Filmmaker Alex Gibney talks about a shady world of financial excess, political intrigue and eye-popping scandal.
Alex Gibney’s Client 9 documents the dramatic rise and fall of Eliot Spitzer, a New York district attorney turned governor who was widely considered a future presidential candidate.
Spitzer was on a mission to expose the recklessness of Wall Street top dogs like AIG and Merrill Lynch, long before the global financial meltdown laid them bare.
|Alex Gibney speaks to Amanda Palmer, Al Jazeera’s head of entertainment, about his documentary
Nothing could stand in the way of his one-man crusade against greed and excess. Nothing, except for his Achilles heel – a fondness for glamorous ladies.
Could this have been a conspiracy forged by corporate fat cats and canny politicians?
Gibney talks to Amanda Palmer, Al Jazeera’s head of entertainment, and the FPS audience about what happened when he delved into this shady world of financial excess, political intrigue and eye-popping scandal.
Despite the toll taken by years of conflict, Beirut is still affectionately regarded as the Paris of the Middle East – a sophisticated and progressive cultural capital that is striving to recover from its tumultuous recent past.
Unsurprisingly, the Lebanese are fond of a bit of escapism when it comes to television, and lightweight soap operas are a favourite.
But a new internet drama called Shankaboot, about a scooter-riding delivery boy and his friends, has captured the imagination of nearly half a million viewers.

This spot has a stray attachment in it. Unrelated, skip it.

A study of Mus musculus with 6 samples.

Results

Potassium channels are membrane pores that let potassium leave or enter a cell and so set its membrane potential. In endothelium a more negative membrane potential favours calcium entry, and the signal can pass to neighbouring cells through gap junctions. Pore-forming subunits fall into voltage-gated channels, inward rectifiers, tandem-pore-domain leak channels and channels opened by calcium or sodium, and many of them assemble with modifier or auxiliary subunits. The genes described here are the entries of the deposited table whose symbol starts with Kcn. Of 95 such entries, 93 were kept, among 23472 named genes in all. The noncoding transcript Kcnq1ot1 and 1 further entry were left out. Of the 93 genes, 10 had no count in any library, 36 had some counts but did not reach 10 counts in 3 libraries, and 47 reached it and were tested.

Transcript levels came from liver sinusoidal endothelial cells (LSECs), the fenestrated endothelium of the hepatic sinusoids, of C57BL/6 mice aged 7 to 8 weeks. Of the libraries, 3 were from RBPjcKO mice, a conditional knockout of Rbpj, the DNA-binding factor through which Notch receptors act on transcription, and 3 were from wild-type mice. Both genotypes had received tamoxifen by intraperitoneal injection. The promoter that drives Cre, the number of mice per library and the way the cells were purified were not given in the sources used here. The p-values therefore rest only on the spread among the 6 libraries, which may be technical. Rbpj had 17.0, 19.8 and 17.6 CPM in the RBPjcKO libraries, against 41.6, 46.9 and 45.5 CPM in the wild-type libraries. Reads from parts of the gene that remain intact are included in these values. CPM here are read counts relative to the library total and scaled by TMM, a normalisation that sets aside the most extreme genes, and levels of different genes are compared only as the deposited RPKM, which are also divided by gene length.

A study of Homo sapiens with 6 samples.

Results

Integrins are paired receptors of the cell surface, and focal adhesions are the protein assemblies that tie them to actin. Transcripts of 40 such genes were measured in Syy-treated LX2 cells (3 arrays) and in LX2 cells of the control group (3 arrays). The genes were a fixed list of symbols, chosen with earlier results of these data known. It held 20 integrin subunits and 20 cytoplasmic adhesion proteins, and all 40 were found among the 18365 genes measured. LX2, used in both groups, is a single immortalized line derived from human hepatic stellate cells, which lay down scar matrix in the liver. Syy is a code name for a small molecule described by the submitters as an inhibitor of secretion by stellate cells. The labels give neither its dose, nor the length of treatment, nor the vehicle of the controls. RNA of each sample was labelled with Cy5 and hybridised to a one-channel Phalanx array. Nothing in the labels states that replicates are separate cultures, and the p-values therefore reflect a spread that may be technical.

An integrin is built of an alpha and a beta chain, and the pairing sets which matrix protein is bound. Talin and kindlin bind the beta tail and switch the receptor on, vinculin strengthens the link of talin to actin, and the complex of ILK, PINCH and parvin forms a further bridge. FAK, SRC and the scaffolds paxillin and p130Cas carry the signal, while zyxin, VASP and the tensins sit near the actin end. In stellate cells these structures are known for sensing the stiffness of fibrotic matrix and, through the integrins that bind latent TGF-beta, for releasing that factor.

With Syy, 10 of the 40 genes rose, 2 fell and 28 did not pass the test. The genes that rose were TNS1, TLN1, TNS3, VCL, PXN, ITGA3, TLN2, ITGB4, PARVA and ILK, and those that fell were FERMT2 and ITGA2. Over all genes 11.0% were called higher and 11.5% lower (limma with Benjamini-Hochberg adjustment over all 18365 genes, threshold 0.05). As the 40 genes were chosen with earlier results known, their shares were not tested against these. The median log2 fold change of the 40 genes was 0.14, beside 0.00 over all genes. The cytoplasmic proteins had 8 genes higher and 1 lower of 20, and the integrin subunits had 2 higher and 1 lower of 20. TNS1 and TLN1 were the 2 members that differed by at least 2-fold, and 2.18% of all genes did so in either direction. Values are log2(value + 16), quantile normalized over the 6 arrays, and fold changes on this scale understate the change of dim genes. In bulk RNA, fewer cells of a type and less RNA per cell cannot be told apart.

Using a fresh, natural style that young Lebanese are lapping up, it also explores previously taboo themes like drug use, sex trafficking and domestic abuse.
Riding the wave of the Middle East internet boom and a recent International Digital Emmy, the Shankaboot team now have their sights are set on a full-length feature film.
Traditionally, India’s blockbuster films were advertised using giant hand-painted posters which adorned walls and cinemas across India. Artists worked closely with film studios, using black and white stills to come up with brightly coloured scenes and characters, large enough to be seen from a distance.
But by the 1990s, the painters were fighting a losing battle against digital photography and printing. Today, although art galleries are snapping up vintage works, poster artist are sadly a rare breed. FPS‘s Sapna Bhatia reports.
Cave of Forgotten Dreams
|Cave of Forgotten Dreams
In Cave of Forgotten Dreams, Werner Herzog’s first 3D film, the legendary German director contemplates the wonders of the Chauvet cave in the south of France. Discovered in 1994, the caves house the oldest examples of human art ever to be discovered.
The 32,000-year-old wall paintings and their pristine surroundings are so delicate that mere human breath can cause catastrophic damage.
The film crew’s access was limited to just four hours a day for six days, using minimal lighting and keeping to narrow walkways.
As the caves are now closed to the public, this could be the world’s only chance to share the experience of this awe-inspiring time capsule.
This episode of The Fabulous Picture Show can be seen from Friday, April 29, at the following times GMT: 1930; Saturday: 1430; Sunday: 0430; Monday: 0830.